While I’m off dancing my brains out at the Feria de Sevilla, the most wonderful time of the (Sevillian) year, here’s something to make your mouth water and to tide you over till Camarón and I return later in the week.
It’s no secret that my stomach has just as much fun traveling as I do. Traditional plates are something I spend my big bucks on, preferring to take public transportation or walk than skip eating something typical. Turkey was a treat for my eyes and ears, as well as my tummy, and we stopped as often to try food as we did to take pictures of the gorgeous, old as dirt city after buying our airline tickets. Sometimes our bellies smiled, sometimes they weren’t so satisfied, but here’s a rundown of Turkish food for beginners.
I couldn’t wait to get what was seemingly Turkey’s national dish in my tummy. Every street had a token kebab stand, meat swirling before our very (large) eyes in front of a heater. We tried to hold out, we really did, but caved the very first day. A friendly man at a kebab shop near a touristy area of the city carve us hunks of seasoned chicken and offered us a good price. While there was no sauce (I’m a condiments type of person, much to all Spaniards’ dismay), the chicken was practically roitesserie and the vegetables crisp. Kebab shops are scattered around the city and are cheap, quick and really really good. #glutton
Price: 1,50 – 3,00€ for chicken, slightly more for beef
As our hostel owner, nicknamed Beanie, made us coffee one morning, he pulled out a round loaf of bread with seeds and said, “The Breakfast of Turkish champions.” I don’t know what shocked me more – that there was a Turkish cousin to the bagel, or that Beanie actually knew some English.
Street food carts are all over the city, from hole-in-the-wall places in the old town to small glass pastry shops on wheels on the Galata bridge. We had corn on the cob, churro-like pistachio sweets, nuts and simit served up hot and when we needed it, which makes a great break while touring (or waiting in line at the Haya Sofia). Simit was by far my favorite, a poppy-seeded luxury from back home, piping hot and easily eating. I couldn’t wait to eat the stupid ring of dough.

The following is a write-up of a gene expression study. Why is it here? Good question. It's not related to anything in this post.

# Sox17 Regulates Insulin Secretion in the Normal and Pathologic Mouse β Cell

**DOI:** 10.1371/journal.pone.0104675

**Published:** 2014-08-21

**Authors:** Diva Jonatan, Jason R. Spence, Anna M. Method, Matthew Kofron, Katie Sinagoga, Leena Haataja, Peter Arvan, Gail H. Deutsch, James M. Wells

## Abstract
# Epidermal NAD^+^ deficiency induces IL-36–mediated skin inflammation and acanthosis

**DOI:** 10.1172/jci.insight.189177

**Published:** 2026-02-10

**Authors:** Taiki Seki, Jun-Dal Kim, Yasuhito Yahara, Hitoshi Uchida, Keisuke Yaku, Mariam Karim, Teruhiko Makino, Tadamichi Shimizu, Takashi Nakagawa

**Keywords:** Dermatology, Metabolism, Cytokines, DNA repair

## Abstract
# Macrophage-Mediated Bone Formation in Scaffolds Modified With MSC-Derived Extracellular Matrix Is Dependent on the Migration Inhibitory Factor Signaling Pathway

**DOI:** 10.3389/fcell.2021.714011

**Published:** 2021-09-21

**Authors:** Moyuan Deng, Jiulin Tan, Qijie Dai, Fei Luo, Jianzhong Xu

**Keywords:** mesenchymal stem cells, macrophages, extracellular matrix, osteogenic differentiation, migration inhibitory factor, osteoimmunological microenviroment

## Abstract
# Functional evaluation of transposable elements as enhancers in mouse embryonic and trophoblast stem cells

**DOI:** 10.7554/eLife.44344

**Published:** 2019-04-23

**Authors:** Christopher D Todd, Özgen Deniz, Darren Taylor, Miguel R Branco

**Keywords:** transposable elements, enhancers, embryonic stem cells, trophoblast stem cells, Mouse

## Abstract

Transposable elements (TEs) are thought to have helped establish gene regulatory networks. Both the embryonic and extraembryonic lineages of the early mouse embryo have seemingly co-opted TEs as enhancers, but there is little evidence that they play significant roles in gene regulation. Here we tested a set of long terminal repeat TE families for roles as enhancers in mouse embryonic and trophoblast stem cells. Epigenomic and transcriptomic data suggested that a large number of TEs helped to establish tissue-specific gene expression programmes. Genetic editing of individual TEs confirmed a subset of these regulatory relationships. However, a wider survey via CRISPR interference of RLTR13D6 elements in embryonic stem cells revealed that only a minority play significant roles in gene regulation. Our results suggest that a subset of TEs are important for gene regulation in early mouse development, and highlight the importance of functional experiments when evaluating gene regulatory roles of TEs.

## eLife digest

Price: = 0,50€
Meze is to Ottoman cuisine what tapas are to Spanish cuisine. Small dishes meant to be shared, meze can be of any scale, from savory to sweet, varied to simple. We tried a spread, which is typical to share before the main course of a meal, while watching Agamemnon’s dancers in his palace that included humus, babaganoush, vegetables and a potato salad, but a quick wikipedia search will show you that the variety depends on location and scale of the dinner.
Price – from 5€ and up
My favorite Spanish dish is lentejas, so I squealed with delight when I read in Allie’s guide book that Turks love their lentils, too. I was dying to try çorba, a red lentil soup. At a little backstreet self-service right near our hostel, we found a big vat on a chilly night, and the bowl and bread cost us 0,75€! Stretching back to the Ottoman times, this dish has been well-copied, but we got homemade deliciousness by form of lentils, onions, paprika, potato and vegetable stock.
Price: 0,75€ – 2,00€ per bowl, often with bread.
My body in Spain follows a well-worn eating habit, which includes a coffee sometime in the 90 minutes after I have lunch (the exception being Friday nap time). In Turkey, those bitte little coffees were often washed down with sweets, either Turkish Delight of baklava.
I grew up across the street from a Greek family, so the gooey nothin’-but-butter-and-sugah pastries have always been one of my favorites. Every coffee came accompanied by a round of baklava for us seven to split – flaky pastries layered with honey and butter, pralines and pistachio. Being a pistachio fiend, I really loved the ones flavored by the nut (which even took its green coloring!) and the round rounds that resembled tiny nests with candied pistachio eggs inside. We stumbled upon Saray Baklava, just off the beaten track. The owner serves up about a dozen varieties, but weighs the goodies instead of just giving you three for 9,50€. You’ll find it just opposite the entrance to the Basilica Cisterns, in front of a shop called Finito de Córdoba. who would have thought!?
Price: 20 – 60€ / kilo
Having loved the Narnia books as a kid, I couldn’t skip the Ice Queen’s favorite treat – Turkish delight. Kinda nougaty, kinda starchy lokum, as it’s called in Turkish, the varieties are endless. Rose, lemon, mint, pistachio and walnut seemed to be in abundance, and there were stands and stores hocking the sweet around the main tourist drag, Istiklalal. I personally prefered baklava, but picked up a few boxes of Turkish Delight for my boss and hosts in Zaragoza.
Price: 2€ for a 500g box, much more from the shops.
Of course, there’s more – kafta, humus (not so propio, but easy to find), fresh fruit drinks, shepherd’s (spicy) salad, eggplant, raki – but a girl’s only got so much room in her stomach!
Any other memorable food travels? Have you ever done a gastronomic trip?